Keynote Address at the Ontological Approaches to Sensor Data Analysis, Buffalo, NY (May 2016)
Sensors exist as parts of larger systems that have the ability to reason about sensor outputs, to decide upon courses of action to be taken, and to engage control processes that will initiate these courses of action.
We will describe a new sort of ontology-based composable event frame approach to designing a system of this sort which incorporates the ability to merge sensor information with information generated in natural language and to reason about the resulting ensemble. The approach is motivated by ongoing research on exploitation of sensor data in military contexts, where the goal is to capture a sufficient range of natural language semantics to support reasoning useful to intelligence analysts and military decision-makers and planners and by associated research into self-correcting software systems. We have built a prototype ontology-driven information system (ODIS) that we have used to test the hypothesis that a framework of this sort can produce structured information from natural language that is of higher value for reasoning purposes than can be attained through traditional approaches such as FrameNet and entity and relation extraction techniques.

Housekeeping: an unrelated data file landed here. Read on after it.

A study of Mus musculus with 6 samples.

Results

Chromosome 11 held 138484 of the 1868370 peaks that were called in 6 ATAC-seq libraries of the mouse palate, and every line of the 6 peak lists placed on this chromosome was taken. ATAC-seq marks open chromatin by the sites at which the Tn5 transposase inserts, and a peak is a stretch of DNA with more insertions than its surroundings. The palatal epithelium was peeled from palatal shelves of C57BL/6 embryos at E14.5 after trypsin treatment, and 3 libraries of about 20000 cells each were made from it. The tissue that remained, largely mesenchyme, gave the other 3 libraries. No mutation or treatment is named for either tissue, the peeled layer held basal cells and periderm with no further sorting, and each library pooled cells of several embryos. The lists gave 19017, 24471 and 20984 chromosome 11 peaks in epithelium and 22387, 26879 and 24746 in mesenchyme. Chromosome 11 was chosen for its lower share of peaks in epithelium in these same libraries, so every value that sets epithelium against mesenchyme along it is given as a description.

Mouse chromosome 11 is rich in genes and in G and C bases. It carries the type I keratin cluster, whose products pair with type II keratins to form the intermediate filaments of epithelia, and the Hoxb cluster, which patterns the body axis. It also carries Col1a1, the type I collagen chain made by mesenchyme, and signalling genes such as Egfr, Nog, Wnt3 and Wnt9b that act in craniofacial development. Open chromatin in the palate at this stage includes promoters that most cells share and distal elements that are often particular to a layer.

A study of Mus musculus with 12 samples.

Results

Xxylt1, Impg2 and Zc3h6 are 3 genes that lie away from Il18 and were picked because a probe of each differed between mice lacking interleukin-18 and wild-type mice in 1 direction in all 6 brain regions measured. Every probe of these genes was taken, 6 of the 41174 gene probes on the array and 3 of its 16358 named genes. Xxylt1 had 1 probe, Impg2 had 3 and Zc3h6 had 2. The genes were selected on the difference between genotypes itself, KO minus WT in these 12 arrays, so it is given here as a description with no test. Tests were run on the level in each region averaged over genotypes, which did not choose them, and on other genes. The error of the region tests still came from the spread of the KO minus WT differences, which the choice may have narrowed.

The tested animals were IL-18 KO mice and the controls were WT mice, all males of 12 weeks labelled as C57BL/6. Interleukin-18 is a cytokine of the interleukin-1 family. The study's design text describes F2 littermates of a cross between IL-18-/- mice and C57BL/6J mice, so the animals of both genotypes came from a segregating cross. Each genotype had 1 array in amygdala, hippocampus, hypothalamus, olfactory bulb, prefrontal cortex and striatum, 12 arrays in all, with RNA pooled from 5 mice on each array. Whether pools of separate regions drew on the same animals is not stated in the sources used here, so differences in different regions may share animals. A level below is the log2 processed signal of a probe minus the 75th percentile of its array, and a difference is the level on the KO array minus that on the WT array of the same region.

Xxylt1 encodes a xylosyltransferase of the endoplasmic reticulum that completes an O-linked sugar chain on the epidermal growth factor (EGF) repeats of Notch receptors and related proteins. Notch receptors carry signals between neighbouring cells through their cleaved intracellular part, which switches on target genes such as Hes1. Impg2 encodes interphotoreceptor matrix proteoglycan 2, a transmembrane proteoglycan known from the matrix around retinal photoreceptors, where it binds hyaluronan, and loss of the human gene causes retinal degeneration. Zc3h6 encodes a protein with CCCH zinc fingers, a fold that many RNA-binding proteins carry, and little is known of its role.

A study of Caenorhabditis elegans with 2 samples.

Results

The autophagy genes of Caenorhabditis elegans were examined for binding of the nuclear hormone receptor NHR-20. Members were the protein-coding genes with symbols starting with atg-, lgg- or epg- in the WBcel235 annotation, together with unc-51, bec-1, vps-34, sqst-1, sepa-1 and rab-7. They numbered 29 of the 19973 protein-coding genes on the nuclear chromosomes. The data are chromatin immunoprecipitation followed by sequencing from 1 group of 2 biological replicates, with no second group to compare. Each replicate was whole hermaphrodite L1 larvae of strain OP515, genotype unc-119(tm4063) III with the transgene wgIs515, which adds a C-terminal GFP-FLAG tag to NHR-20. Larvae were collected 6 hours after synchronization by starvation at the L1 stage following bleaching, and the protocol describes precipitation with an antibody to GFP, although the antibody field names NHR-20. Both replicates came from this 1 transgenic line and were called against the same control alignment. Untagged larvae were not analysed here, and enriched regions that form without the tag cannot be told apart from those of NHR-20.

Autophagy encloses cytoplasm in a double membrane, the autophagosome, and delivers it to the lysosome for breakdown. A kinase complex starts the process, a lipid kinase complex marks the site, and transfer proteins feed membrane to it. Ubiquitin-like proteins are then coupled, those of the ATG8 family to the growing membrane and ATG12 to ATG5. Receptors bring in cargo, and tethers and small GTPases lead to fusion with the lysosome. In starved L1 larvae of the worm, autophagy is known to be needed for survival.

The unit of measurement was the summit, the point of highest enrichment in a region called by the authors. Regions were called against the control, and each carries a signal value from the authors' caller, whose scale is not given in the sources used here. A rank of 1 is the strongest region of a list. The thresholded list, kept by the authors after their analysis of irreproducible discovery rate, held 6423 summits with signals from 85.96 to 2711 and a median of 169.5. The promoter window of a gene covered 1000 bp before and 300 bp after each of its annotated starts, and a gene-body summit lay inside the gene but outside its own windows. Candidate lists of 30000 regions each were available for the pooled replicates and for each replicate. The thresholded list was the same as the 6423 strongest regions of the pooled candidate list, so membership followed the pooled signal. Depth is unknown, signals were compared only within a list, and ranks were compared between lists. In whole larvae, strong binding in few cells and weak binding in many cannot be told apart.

The talk will outline some of the interdependencies between the ontological structure of an embodied system of sensors, reasoners and control processes and the ontological assumptions such a system will make about the world within which it is operating (for instance regarding the persistence of objects). It will also describe how sensor outputs, both simple and fused, can be verbally interacted with using the same grammar as is used to represent the sensor information.